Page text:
Interview

Source:  Interview    Tag:  progeria patients
Earlier today, I found a doctor who was willing to answer my questions via email. I have been having trouble contacting doctors, because there are not many doctors who know much about Progeria. This is because, there are so little cases of Progeria, it's hard to become an expert in something little known about. I asked a doctor who specializes in Neurology at Children's Hospital in Columbus, Ohio. His name is Dr. Geoffrey L Heyer. These are the questions that I asked, and he answered:

1. Are people with Progeria limited in their ability to do anything? 

Progeria is a very rare disease that effects several different organs. Patients have difficulty gaining weight, and they do not have normal growth. Blood vessels can become damaged causing young Progeria patients to develop heart disease (heart attacks) and brain disease (strokes) as if they were much older. Their difficulties with weight gain and their predisposition to cardiovascular disease limits their ability to do many normal daily activities.

2. How do parents cope and decide when to tell their child they have Progeria?

Unfortunately, by the time children with Progeria are old enough to understand their disease, they will have seen many doctors. Most patients have normal intelligence. They do not look the same as other children their age, so they learn at an early age that they are different. They will learn this regardless of whether their parents decide to tell them or not. As there is no current cure for Progeria, parental coping is very difficult.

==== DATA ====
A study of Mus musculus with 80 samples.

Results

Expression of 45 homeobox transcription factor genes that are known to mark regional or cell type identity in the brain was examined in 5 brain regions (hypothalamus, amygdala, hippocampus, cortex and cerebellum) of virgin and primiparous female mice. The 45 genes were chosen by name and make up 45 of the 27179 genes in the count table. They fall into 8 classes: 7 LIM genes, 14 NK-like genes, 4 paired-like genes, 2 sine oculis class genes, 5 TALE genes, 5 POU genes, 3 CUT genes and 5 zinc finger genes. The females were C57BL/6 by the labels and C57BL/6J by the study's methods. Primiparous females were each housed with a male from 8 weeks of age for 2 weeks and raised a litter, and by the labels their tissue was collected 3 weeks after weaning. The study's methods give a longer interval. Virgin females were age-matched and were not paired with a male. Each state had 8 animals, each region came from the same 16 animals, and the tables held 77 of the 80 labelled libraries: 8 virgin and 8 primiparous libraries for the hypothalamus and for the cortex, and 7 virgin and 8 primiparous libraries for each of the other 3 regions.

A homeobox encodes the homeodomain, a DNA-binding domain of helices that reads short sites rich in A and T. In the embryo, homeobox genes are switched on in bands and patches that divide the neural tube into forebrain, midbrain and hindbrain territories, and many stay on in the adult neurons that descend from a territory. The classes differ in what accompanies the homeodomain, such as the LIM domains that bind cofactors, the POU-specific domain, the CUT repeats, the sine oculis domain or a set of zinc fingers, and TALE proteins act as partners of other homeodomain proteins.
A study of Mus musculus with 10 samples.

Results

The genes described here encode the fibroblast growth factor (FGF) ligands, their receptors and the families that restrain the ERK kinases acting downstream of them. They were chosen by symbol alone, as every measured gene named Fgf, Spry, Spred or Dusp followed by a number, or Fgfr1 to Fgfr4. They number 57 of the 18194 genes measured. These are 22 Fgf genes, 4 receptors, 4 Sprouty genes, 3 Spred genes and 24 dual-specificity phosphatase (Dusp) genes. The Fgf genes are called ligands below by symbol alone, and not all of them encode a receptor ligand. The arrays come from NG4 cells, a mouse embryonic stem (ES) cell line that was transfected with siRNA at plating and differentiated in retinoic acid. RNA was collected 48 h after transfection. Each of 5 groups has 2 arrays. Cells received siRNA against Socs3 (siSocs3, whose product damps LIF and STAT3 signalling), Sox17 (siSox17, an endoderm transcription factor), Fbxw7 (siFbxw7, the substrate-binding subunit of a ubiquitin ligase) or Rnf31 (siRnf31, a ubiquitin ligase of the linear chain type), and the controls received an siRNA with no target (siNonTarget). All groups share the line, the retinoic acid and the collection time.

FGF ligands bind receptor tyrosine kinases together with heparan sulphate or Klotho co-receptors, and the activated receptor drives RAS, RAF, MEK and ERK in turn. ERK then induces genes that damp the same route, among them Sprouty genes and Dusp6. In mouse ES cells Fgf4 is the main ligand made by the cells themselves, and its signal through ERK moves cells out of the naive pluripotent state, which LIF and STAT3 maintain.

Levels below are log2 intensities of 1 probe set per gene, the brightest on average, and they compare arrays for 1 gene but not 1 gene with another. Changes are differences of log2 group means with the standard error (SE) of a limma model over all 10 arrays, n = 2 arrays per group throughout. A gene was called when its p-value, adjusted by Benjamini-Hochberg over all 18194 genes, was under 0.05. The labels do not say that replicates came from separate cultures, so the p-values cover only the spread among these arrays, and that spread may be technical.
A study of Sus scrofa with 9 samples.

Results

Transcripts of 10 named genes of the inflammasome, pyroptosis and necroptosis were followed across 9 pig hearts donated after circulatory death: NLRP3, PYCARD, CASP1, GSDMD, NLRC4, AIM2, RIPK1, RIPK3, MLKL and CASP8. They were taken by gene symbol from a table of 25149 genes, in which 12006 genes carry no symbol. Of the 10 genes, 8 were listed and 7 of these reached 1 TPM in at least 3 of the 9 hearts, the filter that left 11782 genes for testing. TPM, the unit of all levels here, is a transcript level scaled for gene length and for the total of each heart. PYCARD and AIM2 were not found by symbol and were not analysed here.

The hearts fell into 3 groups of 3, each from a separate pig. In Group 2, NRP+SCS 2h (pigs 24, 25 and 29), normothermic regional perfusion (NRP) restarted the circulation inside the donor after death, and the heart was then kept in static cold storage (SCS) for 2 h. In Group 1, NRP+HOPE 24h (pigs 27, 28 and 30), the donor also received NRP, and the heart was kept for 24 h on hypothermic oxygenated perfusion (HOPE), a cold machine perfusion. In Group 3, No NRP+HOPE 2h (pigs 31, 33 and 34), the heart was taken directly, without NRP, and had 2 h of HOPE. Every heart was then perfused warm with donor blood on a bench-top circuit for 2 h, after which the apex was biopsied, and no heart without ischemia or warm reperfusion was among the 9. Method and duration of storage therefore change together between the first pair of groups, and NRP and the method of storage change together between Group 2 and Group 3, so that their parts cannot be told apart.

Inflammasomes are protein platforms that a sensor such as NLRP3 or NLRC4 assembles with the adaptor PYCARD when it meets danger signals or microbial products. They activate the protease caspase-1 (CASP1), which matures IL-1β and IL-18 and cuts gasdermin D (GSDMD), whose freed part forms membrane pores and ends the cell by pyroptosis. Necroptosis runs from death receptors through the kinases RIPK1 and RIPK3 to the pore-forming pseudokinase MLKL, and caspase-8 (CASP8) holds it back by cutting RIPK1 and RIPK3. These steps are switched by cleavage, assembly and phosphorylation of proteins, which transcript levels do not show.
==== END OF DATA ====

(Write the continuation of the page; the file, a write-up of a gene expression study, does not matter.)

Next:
3. What's the best treatment for someone with Progeria? 

There are so few Progeria patients in the world that it is difficult to develop treatment guidelines. We often give them the medicines that we would give to much older adults to help prevent heart attacks and strokes. There is a clinical study conducted in Boston of a special medicine that may help to slow the progression of disease and improve growth and nutrition. The doctors in Boston fly children in from all over the world to participate in this study. Hopefully, it will prove to be helpful.

4. I recently researched that people with Progeria don't live long enough to produce sex hormones so they can't produce offspring. Will there ever be a chance in the future for people with Progeria to live long enough to produce offspring, yet alone, live to be consider a "senior"?

Hopefully, a medicine is found that improves lifespan in these patients.

5. Do you think we will ever find a cure? (Rid of this disease like a vaccine for the flu before they're even diagnosed)?

Genetic syndromes are different from infections. It is possible that an effective treatment will be found, but we do not have the technology to rid an individual of a genetic disease. The only known means of prevention are secondary, meaning that after a child is born with Progeria we can counsel the parents about the risks of their future children being born with the Progeria.